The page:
High school track star lost his leg and nearly his life but gets one last race during senior year

June 19, 2018 5:40 pm Last Updated: June 24, 2018 10:22 am

Senior year of high school is a stressful time for just about everybody. It’s a time just before many go off to college, the military, or join the work force. For many it marks their last time living with or even close to their parents, too.

Sean English’s senior year came with all the usual concerns, but there was another layer on top of that. At the end of English’s junior year, he was involved in a terrifying accident that would change his life as he knew it.

In April 2017, high school track star Sean English was in a car crash that cost him his leg and nearly cost his life.


They weren’t the only ones to get out and help though. Cynthia Ray, a lung doctor at a local hospital, had gotten out of her car to help as well. As they were assisting the teens, another car came speeding by, but the driver wasn’t there to help.

Under the influence of drugs and alcohol, a boy about the same age Sean lost control of his vehicle and crashed into the English family and Ray. Sean ended up losing his leg. Ray ended up losing her life. This moment would stick with Sean forever.

“I just remember sitting in the hospital room and hearing the news of Dr. Ray’s death,” he told Detroit Free Press.

“Every day I just remember her name and what she gave, which was the ultimate sacrifice—her life—to do what she was doing for a living, which was helping others. I always keep that in the back of my head.”

Having run track prior to the accident, Sean knew his life would never be the same. Still, he fought to make a speedy recovery, telling himself, “Sure, you could say I lost my leg, but you could also say I didn’t lose my life.”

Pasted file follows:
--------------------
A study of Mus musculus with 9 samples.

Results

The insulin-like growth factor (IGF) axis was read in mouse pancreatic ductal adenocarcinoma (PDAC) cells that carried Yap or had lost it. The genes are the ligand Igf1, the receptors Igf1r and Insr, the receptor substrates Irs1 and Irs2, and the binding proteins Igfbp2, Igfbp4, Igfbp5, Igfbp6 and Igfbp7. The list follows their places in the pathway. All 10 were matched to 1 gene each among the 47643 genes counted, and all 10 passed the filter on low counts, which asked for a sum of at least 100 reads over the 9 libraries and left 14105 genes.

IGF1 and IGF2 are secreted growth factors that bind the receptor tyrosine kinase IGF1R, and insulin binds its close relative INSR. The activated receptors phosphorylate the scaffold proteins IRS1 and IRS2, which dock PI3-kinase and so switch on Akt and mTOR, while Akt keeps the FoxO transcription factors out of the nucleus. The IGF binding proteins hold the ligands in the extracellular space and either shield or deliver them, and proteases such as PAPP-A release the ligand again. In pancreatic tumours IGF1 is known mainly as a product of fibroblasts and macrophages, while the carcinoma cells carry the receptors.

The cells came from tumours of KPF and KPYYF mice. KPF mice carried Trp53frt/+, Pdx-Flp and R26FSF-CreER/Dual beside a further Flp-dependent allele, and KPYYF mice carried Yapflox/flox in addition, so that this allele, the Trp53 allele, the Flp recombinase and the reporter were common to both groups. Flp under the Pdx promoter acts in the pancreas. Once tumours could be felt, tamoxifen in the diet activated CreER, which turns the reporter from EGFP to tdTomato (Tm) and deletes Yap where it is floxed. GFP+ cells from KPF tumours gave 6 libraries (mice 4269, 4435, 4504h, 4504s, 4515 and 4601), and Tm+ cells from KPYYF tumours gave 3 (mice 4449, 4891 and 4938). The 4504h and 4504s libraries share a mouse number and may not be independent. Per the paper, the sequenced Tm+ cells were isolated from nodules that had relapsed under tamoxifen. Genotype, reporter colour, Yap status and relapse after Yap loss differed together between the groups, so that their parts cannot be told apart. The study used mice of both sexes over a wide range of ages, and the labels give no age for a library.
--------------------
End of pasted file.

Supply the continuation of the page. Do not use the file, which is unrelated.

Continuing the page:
Even after losing his leg, Sean was determined to keep running.


Sean had made quite a name for himself on the track team at University of Detroit Jesuit High School prior to the incident. With that in mind, Sean knew that he would return to running some day.

On May 2, 2018, that day finally came. It had taken a while for Sean to get used to his new prosthetic limb but this was his moment to shine: one last 400-meter race before he graduated from high school.

Adorned with his father’s old high school jersey, Sean raced to the finish. He was in significant pain about halfway through the race and wasn’t sure if he was going to make it.  Yet the cheers of his family and friends allowed him to push through until the end.

He hugged both his parents with a tear in his eye and told his father, “I did it.”


Since the accident, Sean has not only finished a race but also gone to prom and learned to forgive the young man behind the incident saying, “life is too short to hold grudges.”

“The accident I had completely reshaped my outlook on life. It strengthened my faith and me as a human being. I now cherish every moment,” he said. “I had a metamorphosis … And Dr. Cynthia Ray’s name now carries me along.

“The guilt that I would have had for the rest of my life if I had just driven by when I could have done something would have outweighed any physical pain that I’ve had to deal with.

“So I would rather do what I did, and lose my leg, than to live with that guilt … life can always be worse. You can go to your local hospital and see people in positions much worse than what you’re experiencing. So you should always remember to be grateful for that.”